Ruby Carter, the American Beauty queen of the night club-sporting world, shifts her operations from St. Louis to New Orleans (which kind of belies the Western genre designation), mostly to ... See full summary »
Rightly suspected of illicit relations with the Masked Bandit, Flower Belle Lee is run out of Little Bend. On the train she meets con man Cuthbert J. Twillie and pretends to marry him for "... See full summary »
Set in New York City, Mae West is Peaches O'Day, a con artist who befriends Captain Jim McCarey (Edmund Lowe), a cop who must turn her in unless she leaves town. The clever Peaches returns ... See full summary »
Film told in flashbacks of an older man's obsession for a woman who can belong to no-one but can frustrate everyone. The backdrop is SternbergÍs surreal and fantastic Carnaval in Spain. In ... See full summary »
Josef von Sternberg
Edward Everett Horton
When her fiancée Buck Gonzales is killed, dance hall queen Cleo Borden inherits his wealth. Included are oil wells supervised by British engineer Carrington, whom Cleo sets out to win by becoming a "lady." She races her horse in Buenos Aires, gains social position by loveless marriage to bankrupt Colton, and even sings in an opera. But when she meets Carrington again, he's become the Earl of Stratton... Written by
Rod Crawford <email@example.com>
Filmed partially on location at Jewett Estate, 1145 Arden Road, Pasadena, California. See more »
On race day in Buenos Aires, some shots show the infield as puddled from rain to varying degrees with the track showing the effects of a recent downpoor, while other shots show both relatively dry. See more »
This was the first Mae West movie to appear after the introduction of the Production Code the year before and, given the generally held belief that this factor harmed her successive films, I was expecting to be let down by this one; indeed, while rarely scaling the heights of her best work, I found it to be a very engaging and entertaining vehicle with a fair amount of good lines.
Amusingly, this film – with the word “town” in its title – starts out way out West while West’s GO WEST YOUNG MAN (1936) starts out in a rural setting and goes rustic gradually! Interestingly enough, it features a vivid horse-racing sequence and another hilarious vignette in which West dabbles in opera singing: playing Delilah (“the only woman barber who made good”), she is prone to call out to her Samson, “Come ‘ere, Sammy!”; it’s worth mentioning here that The Marx Brothers also lampooned just these very diverse subjects for their first two big-budget MGM extravaganzas!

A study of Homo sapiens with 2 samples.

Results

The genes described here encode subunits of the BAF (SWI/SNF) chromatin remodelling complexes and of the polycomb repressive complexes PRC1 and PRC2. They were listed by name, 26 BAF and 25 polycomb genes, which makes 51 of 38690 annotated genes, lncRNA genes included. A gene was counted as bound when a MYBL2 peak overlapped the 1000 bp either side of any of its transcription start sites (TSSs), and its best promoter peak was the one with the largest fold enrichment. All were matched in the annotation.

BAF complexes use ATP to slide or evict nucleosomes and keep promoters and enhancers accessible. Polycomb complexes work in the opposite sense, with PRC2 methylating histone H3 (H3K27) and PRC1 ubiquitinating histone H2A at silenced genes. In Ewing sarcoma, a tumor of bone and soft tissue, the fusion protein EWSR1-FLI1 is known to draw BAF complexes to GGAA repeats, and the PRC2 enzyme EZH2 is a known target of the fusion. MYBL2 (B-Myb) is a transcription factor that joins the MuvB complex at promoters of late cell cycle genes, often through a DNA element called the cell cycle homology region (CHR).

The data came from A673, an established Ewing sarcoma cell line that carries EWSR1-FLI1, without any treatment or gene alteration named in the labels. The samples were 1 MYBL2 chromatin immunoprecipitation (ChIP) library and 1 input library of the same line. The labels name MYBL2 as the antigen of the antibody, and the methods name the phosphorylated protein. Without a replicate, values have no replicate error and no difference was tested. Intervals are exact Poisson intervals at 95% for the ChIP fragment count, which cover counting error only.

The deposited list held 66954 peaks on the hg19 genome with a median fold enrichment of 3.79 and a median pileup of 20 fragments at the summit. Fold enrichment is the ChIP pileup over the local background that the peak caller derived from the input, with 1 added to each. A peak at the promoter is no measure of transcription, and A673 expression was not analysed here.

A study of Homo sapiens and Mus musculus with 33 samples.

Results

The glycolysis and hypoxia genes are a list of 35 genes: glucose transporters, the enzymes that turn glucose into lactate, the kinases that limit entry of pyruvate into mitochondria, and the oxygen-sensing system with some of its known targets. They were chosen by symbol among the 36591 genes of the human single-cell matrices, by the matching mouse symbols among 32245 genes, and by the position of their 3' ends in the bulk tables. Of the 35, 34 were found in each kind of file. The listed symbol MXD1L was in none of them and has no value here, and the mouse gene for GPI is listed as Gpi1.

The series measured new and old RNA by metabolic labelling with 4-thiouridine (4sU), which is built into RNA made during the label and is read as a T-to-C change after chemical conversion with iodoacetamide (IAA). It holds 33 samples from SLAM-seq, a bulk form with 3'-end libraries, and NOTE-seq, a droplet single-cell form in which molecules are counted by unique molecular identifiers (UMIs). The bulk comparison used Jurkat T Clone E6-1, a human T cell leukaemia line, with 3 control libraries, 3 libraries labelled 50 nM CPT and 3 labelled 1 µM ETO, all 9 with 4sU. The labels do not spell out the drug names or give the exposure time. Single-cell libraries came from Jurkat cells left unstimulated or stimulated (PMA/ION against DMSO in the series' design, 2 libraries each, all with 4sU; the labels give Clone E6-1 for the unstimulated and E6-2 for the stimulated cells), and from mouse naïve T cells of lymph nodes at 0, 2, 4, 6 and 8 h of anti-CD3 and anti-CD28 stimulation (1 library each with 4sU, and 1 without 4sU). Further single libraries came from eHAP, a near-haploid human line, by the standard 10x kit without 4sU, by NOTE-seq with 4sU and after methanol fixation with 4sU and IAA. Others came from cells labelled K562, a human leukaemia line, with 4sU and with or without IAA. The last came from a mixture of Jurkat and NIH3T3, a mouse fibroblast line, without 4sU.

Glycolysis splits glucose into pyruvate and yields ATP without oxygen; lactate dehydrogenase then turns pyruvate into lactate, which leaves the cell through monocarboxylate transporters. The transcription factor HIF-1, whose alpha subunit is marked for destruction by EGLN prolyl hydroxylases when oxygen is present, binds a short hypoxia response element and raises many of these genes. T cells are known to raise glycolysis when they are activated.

The plot is quite busy, especially for a 70 minute movie, with a handful of besotted males vying for the hand of wealthy oil tycoon West (who marries – and is subsequently widowed – twice during the course of the film, even if she is clearly chasing after her no-nonsense British employee Paul Cavanagh who is really an aristocrat!). Initially, I thought that Cavanagh was a curious choice for her leading man but, ultimately, he acquits himself rather well under the circumstances, and Gilbert Emery is a welcome familiar face as West’s Pygmalion (once she decides to take on the upper crust of society in her bid to win Cavanagh’s affections); incidentally, this portion of the film bears more than a passing resemblance to George Raft’s predicament in Mae West’s debut feature, NIGHT AFTER NIGHT (1932)!